Whenever security is discussed, there seem to be two sides emerging, seemingly one contesting the other: Security v. Human Rights. The debate becomes stronger whenever the discussion regards terrorism, a crime and security threat that is very high on the agenda of the international community and has been pivotal in the change of laws and the adoption of security measures worldwide. Trying to mediate between the two sides and help them reach a consensus in a democratic society can be a challenge, although in reality there is no conflict at all between the two of them. They are more than complementary; they are the two sides of the same coin.
Security serves as the base upon which all human activity takes place and can flourish. From everyday functioning as a human being to the economic development of countries, it all depends upon the principle that there is security as a foundation. Security can be regarded as a human right of the utmost importance, with impact in several expressions of social reality. This is why, when the threat of terrorism arises (or of any other serious crime for that matter), it is imperative for states to take measures and address the danger. It is not that statistically terrorist attacks take place so often, but it is the surprise nature and blind hostility of terrorism (at least in its recent forms) that make victimization an everyday possibility people dread. Thus, they are ready to accept anything, any measure that seems to provide, or indeed provides protection from a terror attack.
On the other hand, human rights, or liberties (as some use the term) are also fundamental to our democratic societies. After centuries of struggle, political, philosophical, and religious ideologies that have influenced our civilization and connected human dignity with freedom, it is almost impossible to conceive the notion of a state that does not respect the full range of human rights protected by international conventions and modern constitutions. But freedom and all the set of human rights can be enjoyed, when there is security and a strong legal framework that protects them.
Citizens should actually not be divided into those who are in favor of the application of law and those who are in favor of the protection of human rights. Both positions in the contemporary legal civilization echo the same thing. One cannot support the law, want its enforcement, but turn a blind eye when- for example- police officers use illegal means (like torture) in order to extract from a terrorist a forced confession. Committing a terror attack and torturing during police custody are both crimes, punishable under criminal law. There cannot be an “à la carte” legality and sense of justice when we are talking about illegal activities.
Furthermore, when people want security, they are seeking after conditions that make them be and feel secure. A state where police can arrest you with little reason except for the arbitrary power of police and the accused has to prove innocence instead of the authorities proving guilt is not a state of security. It is per definition a state of insecurity, creating societies of insecurity. Police states are not something the world has not seen, the experience has been bitter in many countries with their citizens remembering how it is to fear under constant fear of been arrested and interrogated. Moreover, the standard accusation has always been terrorism or security reasons (a vague accusation used to handle all those who would stand against tyranny). So actually those who support security should first of all support human rights and a legal framework that in theory and practice effectively protects freedom and human rights.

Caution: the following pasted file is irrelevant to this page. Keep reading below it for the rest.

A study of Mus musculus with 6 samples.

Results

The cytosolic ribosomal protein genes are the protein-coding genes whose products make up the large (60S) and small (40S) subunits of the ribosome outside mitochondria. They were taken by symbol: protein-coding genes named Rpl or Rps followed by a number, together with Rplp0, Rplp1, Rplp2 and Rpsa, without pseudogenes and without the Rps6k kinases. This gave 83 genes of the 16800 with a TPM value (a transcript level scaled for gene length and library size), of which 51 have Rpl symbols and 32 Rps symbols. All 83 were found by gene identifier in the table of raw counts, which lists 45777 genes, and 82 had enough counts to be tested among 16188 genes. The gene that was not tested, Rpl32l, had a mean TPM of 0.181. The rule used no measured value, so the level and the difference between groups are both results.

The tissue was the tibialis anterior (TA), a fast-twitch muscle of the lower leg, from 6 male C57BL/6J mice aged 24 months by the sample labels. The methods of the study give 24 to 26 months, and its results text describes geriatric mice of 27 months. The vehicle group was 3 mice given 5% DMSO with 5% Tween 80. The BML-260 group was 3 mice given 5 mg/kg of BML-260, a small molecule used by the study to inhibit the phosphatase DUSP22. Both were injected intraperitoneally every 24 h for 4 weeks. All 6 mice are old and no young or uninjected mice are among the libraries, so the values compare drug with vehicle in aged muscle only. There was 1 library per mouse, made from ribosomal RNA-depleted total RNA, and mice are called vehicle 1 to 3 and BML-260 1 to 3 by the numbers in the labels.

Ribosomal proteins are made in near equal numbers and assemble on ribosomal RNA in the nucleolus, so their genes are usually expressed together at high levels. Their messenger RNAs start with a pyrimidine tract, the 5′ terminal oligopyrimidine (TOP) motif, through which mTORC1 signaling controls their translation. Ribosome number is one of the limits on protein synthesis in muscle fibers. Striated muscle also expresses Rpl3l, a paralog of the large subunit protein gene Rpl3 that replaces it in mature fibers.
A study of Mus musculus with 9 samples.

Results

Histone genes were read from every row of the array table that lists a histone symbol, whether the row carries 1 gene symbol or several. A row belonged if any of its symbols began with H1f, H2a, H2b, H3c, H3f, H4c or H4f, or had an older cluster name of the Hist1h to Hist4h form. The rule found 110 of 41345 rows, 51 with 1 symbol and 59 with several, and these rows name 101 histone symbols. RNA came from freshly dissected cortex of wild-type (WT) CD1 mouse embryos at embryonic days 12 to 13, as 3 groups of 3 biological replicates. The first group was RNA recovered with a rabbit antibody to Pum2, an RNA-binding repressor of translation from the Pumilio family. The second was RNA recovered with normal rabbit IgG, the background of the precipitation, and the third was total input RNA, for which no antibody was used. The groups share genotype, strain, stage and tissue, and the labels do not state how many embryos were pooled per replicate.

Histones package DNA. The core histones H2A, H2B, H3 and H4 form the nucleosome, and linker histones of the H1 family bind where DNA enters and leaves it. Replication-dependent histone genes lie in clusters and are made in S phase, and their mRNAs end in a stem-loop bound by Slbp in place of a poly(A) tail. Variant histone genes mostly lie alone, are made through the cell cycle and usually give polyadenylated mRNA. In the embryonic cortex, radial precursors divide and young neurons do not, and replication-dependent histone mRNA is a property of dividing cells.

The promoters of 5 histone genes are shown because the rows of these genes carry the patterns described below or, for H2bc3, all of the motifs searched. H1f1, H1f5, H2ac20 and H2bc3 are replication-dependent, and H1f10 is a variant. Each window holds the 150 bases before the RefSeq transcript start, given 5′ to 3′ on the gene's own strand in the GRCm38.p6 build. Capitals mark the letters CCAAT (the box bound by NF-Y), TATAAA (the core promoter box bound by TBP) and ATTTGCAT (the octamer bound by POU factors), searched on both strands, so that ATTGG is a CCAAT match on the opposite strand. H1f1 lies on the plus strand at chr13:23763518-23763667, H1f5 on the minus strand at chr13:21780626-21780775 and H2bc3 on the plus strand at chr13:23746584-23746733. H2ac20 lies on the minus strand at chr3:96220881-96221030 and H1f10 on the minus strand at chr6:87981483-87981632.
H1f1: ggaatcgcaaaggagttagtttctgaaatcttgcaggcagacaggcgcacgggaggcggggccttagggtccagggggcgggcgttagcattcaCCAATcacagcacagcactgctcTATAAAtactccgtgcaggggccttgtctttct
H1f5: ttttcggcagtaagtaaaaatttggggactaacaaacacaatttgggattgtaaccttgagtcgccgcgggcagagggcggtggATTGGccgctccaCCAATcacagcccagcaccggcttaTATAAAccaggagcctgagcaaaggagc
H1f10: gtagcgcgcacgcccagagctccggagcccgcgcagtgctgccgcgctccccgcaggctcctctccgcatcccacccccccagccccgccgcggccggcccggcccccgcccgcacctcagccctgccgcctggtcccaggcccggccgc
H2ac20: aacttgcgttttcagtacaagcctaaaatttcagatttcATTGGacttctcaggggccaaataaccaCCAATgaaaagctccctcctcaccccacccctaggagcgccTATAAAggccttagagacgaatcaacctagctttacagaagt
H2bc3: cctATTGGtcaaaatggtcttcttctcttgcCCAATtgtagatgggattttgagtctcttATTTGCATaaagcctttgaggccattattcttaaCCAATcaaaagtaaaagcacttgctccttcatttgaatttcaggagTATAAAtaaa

The most difficult and critical situation arises when the subject is to change the existing legal framework in ways that new laws introduce new standards of less human rights protection. This way law enforcement acts according to law, but this law fails to protect human rights and liberties adequately. The change in American legislation with the Patriot Act, the “enhanced methods of interrogation” and Guantanamo are blatant examples, along with changes in the legislation of European countries, like the UK and France (to name but a few). During critical times as such, when there are proposals for laws, constitutions, even international conventions to be changed, then security should become part of the projected society we are wishing for with the changes envisaged. Hence, we go back- once more- to what security means. Does it mean only preventing or thwarting terror attacks (keeping in mind that no law and no security measure can 100% ensure a positive outcome)? Or does it also mean protecting citizens from a state that could become oppressive and violent against them? At the end of the day, what are the qualities of the state and society that we are so eager to protect from terrorists?
As the war against terrorism has not been yet won (and it is doubtful if it is a war that can be won, at least not in the way history speaks of wars been won) and on the contrary new groups and threats emerge, knowing where we stand as societies are imperative. In democracies, we have to bypass the dilemma “security or human rights” that is presented as expressing two different schools of thought. The common interest and point of connection of the two sides that must be highlighted and realized is that security and human rights are so interconnected that they can be considered one, indivisible value and principle to govern and inspire any counterterrorism policy. Both offer an incentive, but also pose restrictions, necessary for our societies to be worth defending against terrorists.